I’m presenting two linked papers on higher education/the assault on public education in the UK. I’ll blog what I plan to say here, and link to my slideshare.
The first presentation is at Brighton’s Centre for Applied Philosophy, Politics and Ethics, at their conference, ‘The Problem of “Dirty Hands” in UK Universities‘.
Title: Educational technology and the war on public education
Abstract: This paper will discuss the ways in which educational technologies reflect and amplify the commodification of the University as a set of spaces and practices, and how technological determinism and narratives of technology-as-progress reinforce academic complicity in the processes of marketisation and enclosure of higher education. Such complicity is determined by the uncritical manner in which educational technology is procured and deployed inside Universities, and the ways in which that deployment further commodifies our educational experiences.
Thus, state-subsidised capitalism, revealed through the engagement of private technology providers, outsourced solutions, the enclosure of the web through locked-down technologies, and consultancy in educational technology, will be related to critiques of the neoliberal assault on the idea of the University. In uncovering this relationship, the power that academics have in defining how they can operate in the University, and the place of technology in that struggle, is important. Thus, in suggesting strategies for academic agency or activism, the paper will highlight how using open technologies in public might help to re-inscribe a different set of possibilities upon the University.
This might be viewed as a crack in the Coalition’s assault on education as a public good. At issue is whether students and teachers are able to recapture educational technologies in order to dissolve the symbolic power of the University into the actual, existing reality of protest and to develop alternatives. This might be seen as an attempt by capital to enter, control and enclose what has previously been seen as open source or as the terrain previously set-out and negotiated by hacktivists. However, it does open up a space for academic activists working with programmers and educationalists to challenge the dominant logic of how we construct and re-produce our educational worlds as commonly-defined, social goods, against state-subsidised capitalism and proletarianised work. We might then consider how to re-engage our actions and the technologies we deploy asymmetrically; to refuse and push-back against marketisation, to realise the possibilities of the hacker ethic, and to use technology to describe more social forms of value.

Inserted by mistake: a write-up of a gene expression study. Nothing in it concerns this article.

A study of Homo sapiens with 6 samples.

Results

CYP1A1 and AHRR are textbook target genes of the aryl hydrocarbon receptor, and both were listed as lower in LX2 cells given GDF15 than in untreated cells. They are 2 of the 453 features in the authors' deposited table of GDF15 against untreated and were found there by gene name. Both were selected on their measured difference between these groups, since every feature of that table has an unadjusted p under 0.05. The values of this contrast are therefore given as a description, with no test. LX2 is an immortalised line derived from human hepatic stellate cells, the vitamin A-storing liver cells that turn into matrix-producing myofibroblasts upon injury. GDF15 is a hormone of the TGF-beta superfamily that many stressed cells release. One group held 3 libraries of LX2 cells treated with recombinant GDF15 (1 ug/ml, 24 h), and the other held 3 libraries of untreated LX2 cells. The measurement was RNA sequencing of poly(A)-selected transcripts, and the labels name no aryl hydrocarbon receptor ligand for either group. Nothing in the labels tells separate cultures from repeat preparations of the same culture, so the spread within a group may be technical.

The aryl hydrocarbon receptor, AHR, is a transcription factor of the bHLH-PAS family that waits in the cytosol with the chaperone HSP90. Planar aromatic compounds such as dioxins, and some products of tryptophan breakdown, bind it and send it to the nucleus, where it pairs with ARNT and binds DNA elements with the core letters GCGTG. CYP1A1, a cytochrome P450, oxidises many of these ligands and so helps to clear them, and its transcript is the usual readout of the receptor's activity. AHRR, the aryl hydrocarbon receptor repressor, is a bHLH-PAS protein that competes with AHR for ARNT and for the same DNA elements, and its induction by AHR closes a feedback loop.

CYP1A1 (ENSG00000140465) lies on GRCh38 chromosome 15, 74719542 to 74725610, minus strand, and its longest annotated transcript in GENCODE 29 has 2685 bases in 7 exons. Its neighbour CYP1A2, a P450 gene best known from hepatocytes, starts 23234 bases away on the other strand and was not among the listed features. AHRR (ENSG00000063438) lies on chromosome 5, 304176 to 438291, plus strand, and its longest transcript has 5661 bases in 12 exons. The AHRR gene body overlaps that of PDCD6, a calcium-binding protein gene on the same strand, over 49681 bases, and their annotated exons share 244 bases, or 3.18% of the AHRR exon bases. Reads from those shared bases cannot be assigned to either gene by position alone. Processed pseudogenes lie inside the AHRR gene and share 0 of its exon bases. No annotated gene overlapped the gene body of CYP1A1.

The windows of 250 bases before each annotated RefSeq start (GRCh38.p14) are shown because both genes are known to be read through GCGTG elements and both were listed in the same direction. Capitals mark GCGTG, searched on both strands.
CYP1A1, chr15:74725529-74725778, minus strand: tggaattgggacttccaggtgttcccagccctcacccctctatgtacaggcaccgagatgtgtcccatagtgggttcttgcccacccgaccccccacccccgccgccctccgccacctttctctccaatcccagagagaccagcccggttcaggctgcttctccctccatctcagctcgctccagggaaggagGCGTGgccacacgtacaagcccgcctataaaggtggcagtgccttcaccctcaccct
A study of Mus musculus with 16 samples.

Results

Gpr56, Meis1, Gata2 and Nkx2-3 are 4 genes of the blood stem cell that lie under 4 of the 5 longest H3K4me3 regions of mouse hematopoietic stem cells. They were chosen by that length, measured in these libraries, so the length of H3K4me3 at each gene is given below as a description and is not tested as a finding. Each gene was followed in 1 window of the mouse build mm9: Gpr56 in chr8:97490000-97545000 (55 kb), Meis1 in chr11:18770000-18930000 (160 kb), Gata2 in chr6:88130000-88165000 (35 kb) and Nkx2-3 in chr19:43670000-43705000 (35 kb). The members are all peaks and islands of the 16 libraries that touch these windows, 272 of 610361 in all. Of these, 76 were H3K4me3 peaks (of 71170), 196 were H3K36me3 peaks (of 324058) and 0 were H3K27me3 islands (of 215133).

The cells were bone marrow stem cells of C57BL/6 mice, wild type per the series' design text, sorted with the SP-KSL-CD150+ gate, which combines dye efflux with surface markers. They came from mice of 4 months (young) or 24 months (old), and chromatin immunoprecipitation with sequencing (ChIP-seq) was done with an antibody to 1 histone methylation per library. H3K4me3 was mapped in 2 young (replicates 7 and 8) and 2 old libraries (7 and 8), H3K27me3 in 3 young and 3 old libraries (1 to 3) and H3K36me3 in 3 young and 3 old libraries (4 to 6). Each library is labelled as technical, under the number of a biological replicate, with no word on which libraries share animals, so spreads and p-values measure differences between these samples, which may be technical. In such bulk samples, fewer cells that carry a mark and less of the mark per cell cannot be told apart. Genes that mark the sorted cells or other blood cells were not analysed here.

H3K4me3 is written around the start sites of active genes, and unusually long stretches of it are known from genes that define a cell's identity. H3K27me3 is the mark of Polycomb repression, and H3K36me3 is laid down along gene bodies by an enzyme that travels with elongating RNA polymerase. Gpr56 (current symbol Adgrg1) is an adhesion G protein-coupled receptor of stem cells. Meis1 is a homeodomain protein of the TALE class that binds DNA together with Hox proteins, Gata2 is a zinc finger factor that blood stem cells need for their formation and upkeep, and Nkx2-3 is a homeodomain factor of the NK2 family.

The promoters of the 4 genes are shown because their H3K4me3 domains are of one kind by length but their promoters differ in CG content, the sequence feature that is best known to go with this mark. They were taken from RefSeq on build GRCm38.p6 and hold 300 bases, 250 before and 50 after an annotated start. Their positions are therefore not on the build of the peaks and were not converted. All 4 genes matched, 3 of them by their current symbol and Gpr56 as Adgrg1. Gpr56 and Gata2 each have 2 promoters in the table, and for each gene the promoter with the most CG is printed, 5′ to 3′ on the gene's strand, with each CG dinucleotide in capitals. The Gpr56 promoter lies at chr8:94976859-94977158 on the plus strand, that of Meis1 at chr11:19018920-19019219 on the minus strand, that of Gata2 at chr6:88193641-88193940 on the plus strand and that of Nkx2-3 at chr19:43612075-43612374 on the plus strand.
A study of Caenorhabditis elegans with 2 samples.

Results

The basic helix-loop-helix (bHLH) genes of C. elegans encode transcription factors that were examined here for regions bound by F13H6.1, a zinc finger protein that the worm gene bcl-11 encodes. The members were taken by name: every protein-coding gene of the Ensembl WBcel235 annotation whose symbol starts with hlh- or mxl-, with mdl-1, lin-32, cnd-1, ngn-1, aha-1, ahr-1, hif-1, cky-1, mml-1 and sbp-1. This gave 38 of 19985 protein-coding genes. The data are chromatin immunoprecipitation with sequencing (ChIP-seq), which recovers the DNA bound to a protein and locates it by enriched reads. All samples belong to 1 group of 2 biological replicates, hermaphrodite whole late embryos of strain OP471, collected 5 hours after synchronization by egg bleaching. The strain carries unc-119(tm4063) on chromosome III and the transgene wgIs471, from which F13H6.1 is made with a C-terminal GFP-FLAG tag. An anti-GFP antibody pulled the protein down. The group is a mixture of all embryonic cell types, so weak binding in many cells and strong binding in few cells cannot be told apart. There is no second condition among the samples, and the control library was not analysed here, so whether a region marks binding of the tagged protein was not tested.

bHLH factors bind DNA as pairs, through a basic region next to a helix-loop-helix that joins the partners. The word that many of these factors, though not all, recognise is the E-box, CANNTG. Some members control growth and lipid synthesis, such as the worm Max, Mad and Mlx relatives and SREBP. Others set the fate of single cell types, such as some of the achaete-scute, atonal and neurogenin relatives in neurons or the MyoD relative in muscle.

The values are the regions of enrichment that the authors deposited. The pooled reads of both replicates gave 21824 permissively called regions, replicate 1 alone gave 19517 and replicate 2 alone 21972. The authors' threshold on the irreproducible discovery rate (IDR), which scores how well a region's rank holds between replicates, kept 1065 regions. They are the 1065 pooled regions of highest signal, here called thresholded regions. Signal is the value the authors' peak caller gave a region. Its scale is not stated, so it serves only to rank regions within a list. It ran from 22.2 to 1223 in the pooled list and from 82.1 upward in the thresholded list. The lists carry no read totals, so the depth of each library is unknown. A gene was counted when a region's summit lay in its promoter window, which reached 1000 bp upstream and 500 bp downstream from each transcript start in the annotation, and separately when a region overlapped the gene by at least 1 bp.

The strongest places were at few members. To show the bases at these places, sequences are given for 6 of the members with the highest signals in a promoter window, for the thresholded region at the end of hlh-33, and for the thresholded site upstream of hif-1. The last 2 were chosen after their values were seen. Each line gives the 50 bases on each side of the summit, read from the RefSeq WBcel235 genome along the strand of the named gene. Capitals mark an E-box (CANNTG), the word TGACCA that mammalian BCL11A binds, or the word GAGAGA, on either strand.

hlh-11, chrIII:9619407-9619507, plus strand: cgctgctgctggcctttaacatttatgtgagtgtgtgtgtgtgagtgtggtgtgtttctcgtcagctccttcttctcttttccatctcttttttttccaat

The second is at the Discourse, Power and Resistance: Impact conference, at the University of Plymouth. I will base my talk on this slideshare presentation.
Title: In, Against and Beyond the Neoliberal University
Abstract: This paper will briefly discuss the political possibilities for academic activism in the face of the shock doctrine, or neoliberal responses to socio-economic and environmental disruption, in the UK. The paper will argue that academic activism and occupation offer sanctuaries in which critiques of the idea of higher education can develop. It will be argued that they offer possibilities for academics and students, contributing as scholars to a shared process, to be against the foreclosure of the idea of higher education by the twin pedagogies of debt and the kettle. This process offers spaces in which such scholars can re-conceptualise and negate the alienation of their labour as capitalist work inside the academy. In the face of global disruptions in social access to both historic capitals and liquid energy resources, a radical critique of capitalist social relations inside the University holds the possibility of moving beyond this neoliberal foreclosure, towards revolutionary transformation enabled through processes of self-creation and praxis. It is intended that this brief paper will take 15 minutes and offer 20 minutes for discussion of possibilities for scholars to stand inside the neoliberal University, to be against its enclosure of the possibilities for higher learning, and to move beyond its foreclosure of resilient futures.